Column by Anders Hove
Opinion Editor

"They might as well close the patent office; now everything has been invented." So said my grandmother when the neighbors purchased the town's first self-starting automobile. That was back in the 1930s.

I'm inclined to agree. Aside from the Dobsonian telescope mount, I can't think of a single thing worth having invented after 1930. I'm convinced that the real advances in productivity since the Great Depression have taken place not because of technological change, but due to more efficient use and allocation of known technologies and resources.

Leave it to a graduate student to prove my point. David Dotson, a master's degree candidate at New Mexico State University at Las Cruces, has this year discovered that a heretofore disused national resource has enormous potential as an agricultural fertilizer. The material in question is a fibrous fleece derived from the abrasion of linen and other fabrics.

In other words, lint.

The human race has been struggling with lint for years. It collects in the most ridiculous places. Lint collects on bodies, under beds, in sock drawers, on the carpet, and in the drain. Our keys are forever getting mired in fluff-filled pockets. Some people with Pocket Lint Syndrome appear to have a socially-unacceptable chronic itching problem. For this reason and others, most people deem lint a nuisance.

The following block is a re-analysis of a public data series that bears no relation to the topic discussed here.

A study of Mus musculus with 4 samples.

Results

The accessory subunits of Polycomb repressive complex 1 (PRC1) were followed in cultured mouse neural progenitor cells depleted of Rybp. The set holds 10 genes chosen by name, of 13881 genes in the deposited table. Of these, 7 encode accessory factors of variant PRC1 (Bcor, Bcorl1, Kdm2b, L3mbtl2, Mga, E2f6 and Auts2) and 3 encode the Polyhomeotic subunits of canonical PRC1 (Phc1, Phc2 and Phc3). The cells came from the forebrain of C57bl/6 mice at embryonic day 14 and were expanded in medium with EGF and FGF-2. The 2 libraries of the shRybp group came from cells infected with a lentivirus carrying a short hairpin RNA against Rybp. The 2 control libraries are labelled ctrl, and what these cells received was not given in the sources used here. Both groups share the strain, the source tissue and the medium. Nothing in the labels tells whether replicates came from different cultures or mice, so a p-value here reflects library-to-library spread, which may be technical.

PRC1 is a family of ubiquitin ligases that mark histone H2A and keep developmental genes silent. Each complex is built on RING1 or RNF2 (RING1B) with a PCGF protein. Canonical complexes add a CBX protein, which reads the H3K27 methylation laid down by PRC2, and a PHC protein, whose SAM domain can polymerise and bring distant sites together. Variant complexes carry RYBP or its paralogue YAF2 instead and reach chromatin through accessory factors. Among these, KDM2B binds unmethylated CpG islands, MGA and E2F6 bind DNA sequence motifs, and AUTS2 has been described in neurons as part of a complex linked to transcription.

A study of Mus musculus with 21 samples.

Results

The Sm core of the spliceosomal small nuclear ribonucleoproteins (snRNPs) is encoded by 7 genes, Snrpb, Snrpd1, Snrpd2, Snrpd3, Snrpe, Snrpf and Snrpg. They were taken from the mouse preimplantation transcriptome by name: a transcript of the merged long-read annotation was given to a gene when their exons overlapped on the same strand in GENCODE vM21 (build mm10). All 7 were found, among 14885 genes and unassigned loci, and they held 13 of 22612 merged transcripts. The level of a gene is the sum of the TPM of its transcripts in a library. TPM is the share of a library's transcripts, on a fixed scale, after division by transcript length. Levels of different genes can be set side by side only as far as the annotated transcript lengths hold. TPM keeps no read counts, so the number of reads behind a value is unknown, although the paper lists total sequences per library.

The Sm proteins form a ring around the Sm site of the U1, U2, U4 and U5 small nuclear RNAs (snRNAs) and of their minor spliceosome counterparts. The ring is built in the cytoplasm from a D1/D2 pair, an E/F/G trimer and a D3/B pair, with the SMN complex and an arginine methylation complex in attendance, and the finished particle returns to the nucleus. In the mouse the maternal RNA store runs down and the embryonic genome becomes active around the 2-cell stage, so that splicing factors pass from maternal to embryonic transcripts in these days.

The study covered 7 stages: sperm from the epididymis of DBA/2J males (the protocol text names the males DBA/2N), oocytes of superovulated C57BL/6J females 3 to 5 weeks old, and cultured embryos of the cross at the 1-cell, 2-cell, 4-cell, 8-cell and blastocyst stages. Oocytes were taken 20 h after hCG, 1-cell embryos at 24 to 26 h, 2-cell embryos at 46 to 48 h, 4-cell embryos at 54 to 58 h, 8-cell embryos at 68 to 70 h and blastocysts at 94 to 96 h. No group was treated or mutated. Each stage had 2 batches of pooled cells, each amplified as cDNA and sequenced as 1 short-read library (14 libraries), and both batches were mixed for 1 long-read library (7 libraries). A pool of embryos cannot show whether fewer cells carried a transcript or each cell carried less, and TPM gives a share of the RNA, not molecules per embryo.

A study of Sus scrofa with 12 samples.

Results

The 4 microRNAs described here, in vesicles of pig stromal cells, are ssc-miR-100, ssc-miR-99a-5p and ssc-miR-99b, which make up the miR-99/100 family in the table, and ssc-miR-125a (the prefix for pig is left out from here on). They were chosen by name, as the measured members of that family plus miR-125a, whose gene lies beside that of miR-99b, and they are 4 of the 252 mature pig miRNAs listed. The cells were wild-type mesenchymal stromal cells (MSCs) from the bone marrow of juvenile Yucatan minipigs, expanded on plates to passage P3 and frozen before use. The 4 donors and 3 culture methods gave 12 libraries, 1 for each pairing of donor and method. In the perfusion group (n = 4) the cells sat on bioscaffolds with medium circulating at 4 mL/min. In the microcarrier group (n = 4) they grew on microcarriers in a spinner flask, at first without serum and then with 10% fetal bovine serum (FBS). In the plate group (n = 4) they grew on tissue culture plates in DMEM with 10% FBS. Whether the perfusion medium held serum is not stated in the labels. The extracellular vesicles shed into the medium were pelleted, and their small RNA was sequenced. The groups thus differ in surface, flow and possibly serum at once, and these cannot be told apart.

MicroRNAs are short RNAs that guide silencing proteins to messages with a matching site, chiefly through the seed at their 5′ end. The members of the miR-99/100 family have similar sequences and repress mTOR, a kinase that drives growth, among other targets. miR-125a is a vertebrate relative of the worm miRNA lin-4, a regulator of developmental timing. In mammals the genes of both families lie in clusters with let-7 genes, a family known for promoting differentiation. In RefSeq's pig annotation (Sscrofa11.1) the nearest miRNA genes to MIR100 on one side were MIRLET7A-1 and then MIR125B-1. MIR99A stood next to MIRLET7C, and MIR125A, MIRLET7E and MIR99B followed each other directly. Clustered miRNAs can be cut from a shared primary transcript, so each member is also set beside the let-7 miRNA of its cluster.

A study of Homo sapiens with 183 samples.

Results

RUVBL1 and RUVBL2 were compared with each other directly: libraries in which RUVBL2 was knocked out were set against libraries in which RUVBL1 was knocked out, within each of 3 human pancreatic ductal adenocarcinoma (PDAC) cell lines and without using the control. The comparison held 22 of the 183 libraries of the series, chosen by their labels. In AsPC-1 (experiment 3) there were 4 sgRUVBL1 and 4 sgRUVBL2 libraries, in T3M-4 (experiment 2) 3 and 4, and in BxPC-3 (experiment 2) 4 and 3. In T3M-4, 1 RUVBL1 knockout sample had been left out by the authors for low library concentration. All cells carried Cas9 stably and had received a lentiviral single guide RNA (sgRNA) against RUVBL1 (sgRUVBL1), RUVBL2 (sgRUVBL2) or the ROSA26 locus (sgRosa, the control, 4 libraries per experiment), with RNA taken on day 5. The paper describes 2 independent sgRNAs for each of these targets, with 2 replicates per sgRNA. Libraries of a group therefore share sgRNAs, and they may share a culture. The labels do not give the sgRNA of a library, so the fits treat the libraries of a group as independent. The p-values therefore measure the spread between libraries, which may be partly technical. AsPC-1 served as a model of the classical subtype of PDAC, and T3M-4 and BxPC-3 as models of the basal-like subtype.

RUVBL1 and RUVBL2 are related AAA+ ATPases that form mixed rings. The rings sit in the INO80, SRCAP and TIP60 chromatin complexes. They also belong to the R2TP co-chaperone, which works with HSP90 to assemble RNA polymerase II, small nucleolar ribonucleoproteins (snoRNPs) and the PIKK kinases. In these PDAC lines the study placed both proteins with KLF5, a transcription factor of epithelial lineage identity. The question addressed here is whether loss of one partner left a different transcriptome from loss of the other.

Some people have more of a lint problem of others. International Garment Processors (IGP), a company that stonewashes jeans, throws away 70 cubic yards of lint every week. And that's just a small part of America's daily lint production. Imagine how much cotton is going to waste every year due to lint disposal? Wouldn't it be better for the world if that matter could be used for something?

Now it appears it can. And mind you, lint is no ordinary fertilizer. In his experiments, graduate student Dotson spread lint over ground that would otherwise be sterile, and in some cases even toxic. The result was an astounding increase in grass growth.

Scientists and industrialists see this as evidence that industrial lint waste will now be put to good use aiding reclamation efforts. But imagine what will happen when lint recycling reaches the environmental home front. Suddenly, each morning, many will be confronted with a nagging question: You're not planning on throwing that belly-button lint away, are you?

And picture the lawns and gardens in your neighborhood spruced up with a nice layer of lint. Stonewash for vegetables, dryer lint for shrubs, shower-drain scum for general grass growing.

Some of us will undoubtedly recognize our own erstwhile fleece deposits. People will be seen scrutinizing their yards, looking for evidence that Levis decay faster than Wranglers, or proof that someone is overwashing their favorite L.L. Bean shirt.

Among households dominated by polyester and rayon, lint supplies will run low. Children will be sent running to neighbors' houses: "My mother asks, could you possibly spare a couple pounds of lint?" More charitable sorts may drop off excess lint at the local Salvation Army.

As you can see, we are about to enter a brave new world of futuristic living. All thanks to lint, a substance most of us have known about for years. It just goes to show that the best things in life aren't invented or earned, they just collect in your undergarments.